Since 2009, Greece has entered a state of transition that extends to present day. Any change in the social and economic situation of a region is reflected on its built environment.
From small shops, to entire neighbourhoods and even areas that were, until recently, bustling with life, the financial crisis has drastically affected every corner of the Greek society. Greece has become saturated with structures, spaces and landscapes which no longer hold any life, identity or soul. Locales that dangle between existence and the lack thereof; physically present but largely overlooked even by their own inhabitants.
According to the anthropological theory of Marc Augé, if a place can be identified as relational, historical and concerned place with identity, then a space which does not present any or all of the above traits, can be identified as a “Non-place”.
Taking into consideration the aforementioned theory, it becomes clear that ‘Non-places’, as entities, have been rapidly increasing in numbers throughout Greece, their spread undoubtedly accelerated by the effects of the financial crisis.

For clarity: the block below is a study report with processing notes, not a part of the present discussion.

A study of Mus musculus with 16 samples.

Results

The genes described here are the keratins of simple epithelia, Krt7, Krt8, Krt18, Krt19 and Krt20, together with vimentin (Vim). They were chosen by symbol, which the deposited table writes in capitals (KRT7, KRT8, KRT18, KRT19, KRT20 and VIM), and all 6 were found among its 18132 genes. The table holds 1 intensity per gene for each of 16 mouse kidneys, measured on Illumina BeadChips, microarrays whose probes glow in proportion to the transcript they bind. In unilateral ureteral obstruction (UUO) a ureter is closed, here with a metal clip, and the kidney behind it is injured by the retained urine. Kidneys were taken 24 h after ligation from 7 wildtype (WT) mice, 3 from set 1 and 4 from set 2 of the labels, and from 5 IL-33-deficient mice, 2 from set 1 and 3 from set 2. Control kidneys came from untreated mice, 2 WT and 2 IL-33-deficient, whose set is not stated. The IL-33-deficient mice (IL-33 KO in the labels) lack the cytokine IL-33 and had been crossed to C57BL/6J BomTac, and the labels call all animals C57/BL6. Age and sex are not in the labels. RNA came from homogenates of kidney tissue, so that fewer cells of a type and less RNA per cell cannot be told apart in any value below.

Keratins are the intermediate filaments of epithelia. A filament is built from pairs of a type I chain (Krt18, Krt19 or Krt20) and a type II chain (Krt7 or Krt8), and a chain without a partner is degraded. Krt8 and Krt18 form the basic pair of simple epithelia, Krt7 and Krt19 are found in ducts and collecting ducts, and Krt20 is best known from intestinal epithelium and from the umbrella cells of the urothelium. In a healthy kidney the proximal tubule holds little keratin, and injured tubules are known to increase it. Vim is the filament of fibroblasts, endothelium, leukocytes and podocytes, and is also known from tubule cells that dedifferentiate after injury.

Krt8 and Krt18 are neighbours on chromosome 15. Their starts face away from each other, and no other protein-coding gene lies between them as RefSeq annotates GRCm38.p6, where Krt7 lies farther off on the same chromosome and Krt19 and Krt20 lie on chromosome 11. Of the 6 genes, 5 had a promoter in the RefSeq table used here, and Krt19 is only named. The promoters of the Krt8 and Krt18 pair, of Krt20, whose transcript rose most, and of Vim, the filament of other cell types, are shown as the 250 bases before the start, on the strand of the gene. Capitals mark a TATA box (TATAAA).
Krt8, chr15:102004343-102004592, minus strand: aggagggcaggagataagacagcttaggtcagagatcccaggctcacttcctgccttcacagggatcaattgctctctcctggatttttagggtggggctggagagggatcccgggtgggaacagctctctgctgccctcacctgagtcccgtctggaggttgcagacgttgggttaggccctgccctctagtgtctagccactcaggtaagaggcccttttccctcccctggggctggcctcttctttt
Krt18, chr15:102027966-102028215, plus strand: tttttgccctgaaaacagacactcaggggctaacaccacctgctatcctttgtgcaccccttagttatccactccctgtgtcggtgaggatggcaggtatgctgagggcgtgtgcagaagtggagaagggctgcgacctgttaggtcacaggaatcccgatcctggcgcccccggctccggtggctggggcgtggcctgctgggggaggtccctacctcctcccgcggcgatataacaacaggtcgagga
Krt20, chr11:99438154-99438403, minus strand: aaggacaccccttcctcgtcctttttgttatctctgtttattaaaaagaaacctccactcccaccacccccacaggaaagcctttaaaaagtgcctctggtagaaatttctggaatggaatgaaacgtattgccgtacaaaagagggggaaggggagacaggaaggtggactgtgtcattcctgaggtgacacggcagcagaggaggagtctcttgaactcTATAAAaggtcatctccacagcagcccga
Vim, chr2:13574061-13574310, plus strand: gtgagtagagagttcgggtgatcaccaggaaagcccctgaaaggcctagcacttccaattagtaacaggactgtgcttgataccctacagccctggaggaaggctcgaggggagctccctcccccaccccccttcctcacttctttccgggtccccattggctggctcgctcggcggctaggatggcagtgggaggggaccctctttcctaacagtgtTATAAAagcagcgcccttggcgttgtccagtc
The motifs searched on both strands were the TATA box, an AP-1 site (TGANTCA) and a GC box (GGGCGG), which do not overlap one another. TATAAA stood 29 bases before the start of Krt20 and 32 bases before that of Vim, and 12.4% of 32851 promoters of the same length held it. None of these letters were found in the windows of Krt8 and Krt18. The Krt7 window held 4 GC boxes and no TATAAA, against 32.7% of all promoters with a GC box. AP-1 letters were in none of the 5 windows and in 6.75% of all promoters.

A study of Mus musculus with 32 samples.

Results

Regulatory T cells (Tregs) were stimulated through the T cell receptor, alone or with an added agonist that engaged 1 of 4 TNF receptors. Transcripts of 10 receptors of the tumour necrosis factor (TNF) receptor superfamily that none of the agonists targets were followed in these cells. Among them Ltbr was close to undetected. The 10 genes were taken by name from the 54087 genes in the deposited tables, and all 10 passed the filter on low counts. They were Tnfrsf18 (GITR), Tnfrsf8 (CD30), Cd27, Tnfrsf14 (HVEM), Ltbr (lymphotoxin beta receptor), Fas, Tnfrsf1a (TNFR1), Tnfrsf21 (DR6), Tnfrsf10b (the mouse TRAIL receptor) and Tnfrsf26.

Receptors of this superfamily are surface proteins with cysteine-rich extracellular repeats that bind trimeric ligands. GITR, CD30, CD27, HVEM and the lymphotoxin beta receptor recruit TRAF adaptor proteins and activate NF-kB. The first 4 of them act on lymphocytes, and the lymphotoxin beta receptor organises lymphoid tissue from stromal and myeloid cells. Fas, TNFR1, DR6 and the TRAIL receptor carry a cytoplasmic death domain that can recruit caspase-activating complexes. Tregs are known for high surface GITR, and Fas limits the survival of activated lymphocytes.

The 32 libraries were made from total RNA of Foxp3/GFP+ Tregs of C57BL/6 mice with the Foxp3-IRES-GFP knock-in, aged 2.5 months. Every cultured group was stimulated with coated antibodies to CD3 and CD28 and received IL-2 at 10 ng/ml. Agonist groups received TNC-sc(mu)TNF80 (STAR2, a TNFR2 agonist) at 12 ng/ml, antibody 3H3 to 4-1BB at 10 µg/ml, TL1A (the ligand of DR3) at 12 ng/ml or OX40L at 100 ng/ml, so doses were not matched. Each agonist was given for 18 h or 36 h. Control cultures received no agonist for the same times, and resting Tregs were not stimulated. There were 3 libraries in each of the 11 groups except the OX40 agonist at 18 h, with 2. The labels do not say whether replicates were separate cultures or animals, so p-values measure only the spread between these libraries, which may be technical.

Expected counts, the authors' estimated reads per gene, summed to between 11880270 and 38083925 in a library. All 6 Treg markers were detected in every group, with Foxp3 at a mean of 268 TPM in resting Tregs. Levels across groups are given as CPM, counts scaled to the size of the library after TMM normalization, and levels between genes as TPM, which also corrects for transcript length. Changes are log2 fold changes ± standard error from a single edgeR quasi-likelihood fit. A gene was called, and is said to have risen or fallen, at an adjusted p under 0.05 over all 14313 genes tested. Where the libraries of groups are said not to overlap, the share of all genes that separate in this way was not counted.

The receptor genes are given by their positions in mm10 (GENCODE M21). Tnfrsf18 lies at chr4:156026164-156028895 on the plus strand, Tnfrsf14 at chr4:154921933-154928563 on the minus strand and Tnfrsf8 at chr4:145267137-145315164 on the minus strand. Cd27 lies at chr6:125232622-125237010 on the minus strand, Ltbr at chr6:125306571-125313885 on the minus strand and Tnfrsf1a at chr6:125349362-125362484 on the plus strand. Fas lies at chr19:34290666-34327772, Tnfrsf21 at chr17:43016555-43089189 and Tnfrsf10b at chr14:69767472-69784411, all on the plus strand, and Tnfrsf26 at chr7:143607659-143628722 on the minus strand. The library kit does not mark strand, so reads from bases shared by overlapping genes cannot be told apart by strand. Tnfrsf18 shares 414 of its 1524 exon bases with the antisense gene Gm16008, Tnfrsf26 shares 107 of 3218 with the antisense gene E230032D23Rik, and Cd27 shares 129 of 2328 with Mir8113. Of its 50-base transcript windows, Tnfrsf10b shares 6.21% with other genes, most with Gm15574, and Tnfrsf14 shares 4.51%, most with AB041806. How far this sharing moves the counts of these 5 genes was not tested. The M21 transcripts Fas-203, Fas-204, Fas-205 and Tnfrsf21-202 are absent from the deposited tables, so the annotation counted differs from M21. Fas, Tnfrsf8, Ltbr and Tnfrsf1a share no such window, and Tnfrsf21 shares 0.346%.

The main characteristic of those sceneries is the fact that while space and its properties exist within our everyday lives, we have made the compromise to live among them, thus proving the change in the urban environment, as well as in our own lives.
This photographic series aims to present typical cases of such landscapes of the Greek territory in an effort to depict this specific aspect of the crisis and also the awakening of society itself.